The space race was one of the most exciting thigs we Boomers remember from our youth. Charismatic President Kennedy said we were going to land a man on the moon by the end of the 1960’s decade! And we thought we could do it!
We kids were as excited as our parents. We loved hearing the beeps whenever Mission Control would communicate with the astronauts. We loved spacewalks, liftoffs, splashdowns, all aspects of the space program.
Mattel took the hint, and in 1967, in time for Christmas, introduced Major Matt Mason.
Originally, the toy was intended to showcase actual vehicles that NASA was designing. Soon, though, more fanciful modes of transportation were offered.
The toy was a huge hit, and its popularity matched that of the space program itself. That would prove to be fateful.
Mason himself was a little guy, smaller than GI Joe, But that was okay. GI Joe didn’t have a Space Station. Joe’s ultimate accessory was the Space Capsule. While it was mighty impressive, it just came up a bit short when compared to the Station.
It was a two-level structure that could be boarded by means of ladders on the sides. It had panels that would close to keep out the harsh solar radiation. you could mount the crawler on it so it would function as a winch. It was just the stinkin’ coolest toy an eight-year-old boy could get his hands on.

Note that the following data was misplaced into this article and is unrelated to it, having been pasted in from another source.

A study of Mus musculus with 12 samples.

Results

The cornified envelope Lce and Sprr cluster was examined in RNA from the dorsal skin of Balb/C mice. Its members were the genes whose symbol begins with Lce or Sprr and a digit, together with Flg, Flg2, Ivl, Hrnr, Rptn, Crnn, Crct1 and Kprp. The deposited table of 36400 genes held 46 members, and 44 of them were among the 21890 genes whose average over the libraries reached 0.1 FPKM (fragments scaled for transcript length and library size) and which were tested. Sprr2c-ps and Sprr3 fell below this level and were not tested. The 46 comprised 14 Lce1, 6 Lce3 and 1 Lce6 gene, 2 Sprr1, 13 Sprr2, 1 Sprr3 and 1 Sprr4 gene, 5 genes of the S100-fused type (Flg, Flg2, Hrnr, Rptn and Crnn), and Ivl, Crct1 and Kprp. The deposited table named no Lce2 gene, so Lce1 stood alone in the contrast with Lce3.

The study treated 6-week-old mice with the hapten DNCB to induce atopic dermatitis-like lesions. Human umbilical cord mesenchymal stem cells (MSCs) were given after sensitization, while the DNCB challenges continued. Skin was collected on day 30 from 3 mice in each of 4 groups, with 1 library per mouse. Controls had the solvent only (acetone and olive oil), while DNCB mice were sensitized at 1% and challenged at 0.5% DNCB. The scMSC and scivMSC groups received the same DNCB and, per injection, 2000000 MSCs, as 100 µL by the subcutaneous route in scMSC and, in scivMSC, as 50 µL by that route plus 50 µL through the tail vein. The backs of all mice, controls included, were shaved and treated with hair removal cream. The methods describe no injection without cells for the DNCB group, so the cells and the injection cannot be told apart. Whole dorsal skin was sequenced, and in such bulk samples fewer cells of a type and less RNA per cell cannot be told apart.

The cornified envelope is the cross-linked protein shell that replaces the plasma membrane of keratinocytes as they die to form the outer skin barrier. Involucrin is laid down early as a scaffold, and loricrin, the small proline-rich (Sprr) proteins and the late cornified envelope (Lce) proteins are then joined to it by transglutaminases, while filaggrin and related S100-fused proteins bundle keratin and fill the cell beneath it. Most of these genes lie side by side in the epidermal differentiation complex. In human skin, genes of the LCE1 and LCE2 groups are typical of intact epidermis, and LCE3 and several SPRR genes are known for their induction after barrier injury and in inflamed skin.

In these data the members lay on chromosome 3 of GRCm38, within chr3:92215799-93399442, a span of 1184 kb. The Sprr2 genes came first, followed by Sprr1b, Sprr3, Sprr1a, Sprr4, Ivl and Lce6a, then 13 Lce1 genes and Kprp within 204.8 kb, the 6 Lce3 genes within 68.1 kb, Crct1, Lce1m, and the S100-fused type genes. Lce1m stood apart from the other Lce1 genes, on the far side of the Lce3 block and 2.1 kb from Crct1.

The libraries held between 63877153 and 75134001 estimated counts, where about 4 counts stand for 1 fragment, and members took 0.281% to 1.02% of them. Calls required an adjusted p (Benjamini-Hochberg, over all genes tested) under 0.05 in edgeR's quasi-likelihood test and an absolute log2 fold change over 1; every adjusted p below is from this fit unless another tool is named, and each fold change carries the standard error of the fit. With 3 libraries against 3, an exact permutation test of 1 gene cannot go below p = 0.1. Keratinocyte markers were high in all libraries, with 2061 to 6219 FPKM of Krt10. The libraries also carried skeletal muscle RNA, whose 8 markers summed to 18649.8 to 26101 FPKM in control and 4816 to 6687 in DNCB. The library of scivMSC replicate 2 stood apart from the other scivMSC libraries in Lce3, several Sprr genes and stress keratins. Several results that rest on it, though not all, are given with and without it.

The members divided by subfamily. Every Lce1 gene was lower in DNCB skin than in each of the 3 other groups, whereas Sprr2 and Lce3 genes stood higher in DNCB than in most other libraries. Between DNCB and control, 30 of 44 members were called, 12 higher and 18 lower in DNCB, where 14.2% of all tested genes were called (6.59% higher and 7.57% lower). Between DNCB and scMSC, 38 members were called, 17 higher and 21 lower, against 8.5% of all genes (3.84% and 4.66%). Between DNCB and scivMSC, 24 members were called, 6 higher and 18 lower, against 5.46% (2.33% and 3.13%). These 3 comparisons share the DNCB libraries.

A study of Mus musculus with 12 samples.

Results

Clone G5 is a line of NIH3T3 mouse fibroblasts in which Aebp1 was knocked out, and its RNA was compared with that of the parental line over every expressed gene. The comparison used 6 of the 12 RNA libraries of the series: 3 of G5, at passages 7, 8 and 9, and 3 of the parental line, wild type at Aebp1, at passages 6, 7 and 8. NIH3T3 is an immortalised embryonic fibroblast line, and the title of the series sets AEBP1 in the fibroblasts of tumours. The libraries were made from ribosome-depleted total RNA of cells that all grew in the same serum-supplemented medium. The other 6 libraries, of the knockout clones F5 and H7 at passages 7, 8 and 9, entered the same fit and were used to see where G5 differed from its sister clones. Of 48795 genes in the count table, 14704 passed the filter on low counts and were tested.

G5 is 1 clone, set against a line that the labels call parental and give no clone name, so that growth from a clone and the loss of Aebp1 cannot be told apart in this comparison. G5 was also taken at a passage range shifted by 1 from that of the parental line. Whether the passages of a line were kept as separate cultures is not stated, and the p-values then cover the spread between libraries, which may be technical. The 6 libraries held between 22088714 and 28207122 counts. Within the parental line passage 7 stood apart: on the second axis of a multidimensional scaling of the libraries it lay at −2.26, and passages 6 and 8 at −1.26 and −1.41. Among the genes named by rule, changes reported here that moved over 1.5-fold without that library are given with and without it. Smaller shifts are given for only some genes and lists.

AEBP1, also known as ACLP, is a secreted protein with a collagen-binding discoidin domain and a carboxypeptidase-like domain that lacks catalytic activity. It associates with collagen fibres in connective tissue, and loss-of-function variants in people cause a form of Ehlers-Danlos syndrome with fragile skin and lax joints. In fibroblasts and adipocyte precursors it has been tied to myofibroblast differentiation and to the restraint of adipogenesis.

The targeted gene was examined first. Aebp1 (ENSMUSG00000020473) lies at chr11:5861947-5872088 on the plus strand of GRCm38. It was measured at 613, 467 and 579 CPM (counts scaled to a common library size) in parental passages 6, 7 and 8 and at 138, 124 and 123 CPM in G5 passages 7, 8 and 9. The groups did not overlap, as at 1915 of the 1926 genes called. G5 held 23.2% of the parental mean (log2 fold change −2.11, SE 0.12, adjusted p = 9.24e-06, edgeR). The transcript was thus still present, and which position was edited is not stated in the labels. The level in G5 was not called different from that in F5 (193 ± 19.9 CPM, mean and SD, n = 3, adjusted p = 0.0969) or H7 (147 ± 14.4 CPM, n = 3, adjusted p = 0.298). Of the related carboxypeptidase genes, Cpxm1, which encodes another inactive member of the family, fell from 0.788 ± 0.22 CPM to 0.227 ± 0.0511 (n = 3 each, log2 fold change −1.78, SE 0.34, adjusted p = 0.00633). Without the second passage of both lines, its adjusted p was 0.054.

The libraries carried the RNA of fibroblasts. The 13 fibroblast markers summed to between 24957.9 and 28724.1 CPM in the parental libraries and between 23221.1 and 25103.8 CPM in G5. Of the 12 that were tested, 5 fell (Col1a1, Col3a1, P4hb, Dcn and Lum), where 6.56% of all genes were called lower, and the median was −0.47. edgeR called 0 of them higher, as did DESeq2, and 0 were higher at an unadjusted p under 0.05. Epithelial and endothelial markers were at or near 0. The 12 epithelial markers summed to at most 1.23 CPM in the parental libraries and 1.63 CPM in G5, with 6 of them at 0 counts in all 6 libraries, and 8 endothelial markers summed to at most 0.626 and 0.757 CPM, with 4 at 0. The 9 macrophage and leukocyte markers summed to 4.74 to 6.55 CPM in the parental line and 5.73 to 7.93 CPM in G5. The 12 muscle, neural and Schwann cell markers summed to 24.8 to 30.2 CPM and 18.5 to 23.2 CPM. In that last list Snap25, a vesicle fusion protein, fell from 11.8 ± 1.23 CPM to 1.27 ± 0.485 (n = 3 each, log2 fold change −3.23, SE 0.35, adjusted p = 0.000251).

That is, IF you could get your hands on one. Sadly, I never owned MMM. But I had a buddy who had nearly every accessory, including fellow astronauts Sergeant Storm, Doug Davis, and Jeff Long.
That crawler was something else. Battery powered, it would make its way over practically any obstacle. However, I suspect that Major Mason had some pretty bad lower back pain late in life. That thing didn’t look like a very comfortable ride.
The love for the space program climaxed on July 20, 1969, when we proved JFK to be a prophet. America went absolutely giddy over men actually walking on the moon, except, of course, for those who say it was all fake.
But the next landing wasn’t so exciting. The next, even less. NASA’s budget soon began to be slashed as Americans demanded more tax money be spent on problems on this planet.
As we got bored with space missions, Major Matt Mason’s sales plummeted. 1970 was the last year you could buy Major Matt Mason and his gadgets.
Today, of course, they can all be found on eBay, but at prices considerably higher than in our childhood. MMM is one of the most collectible toys.
But it’s just not the same when your bedroom turned into a miniature moon base.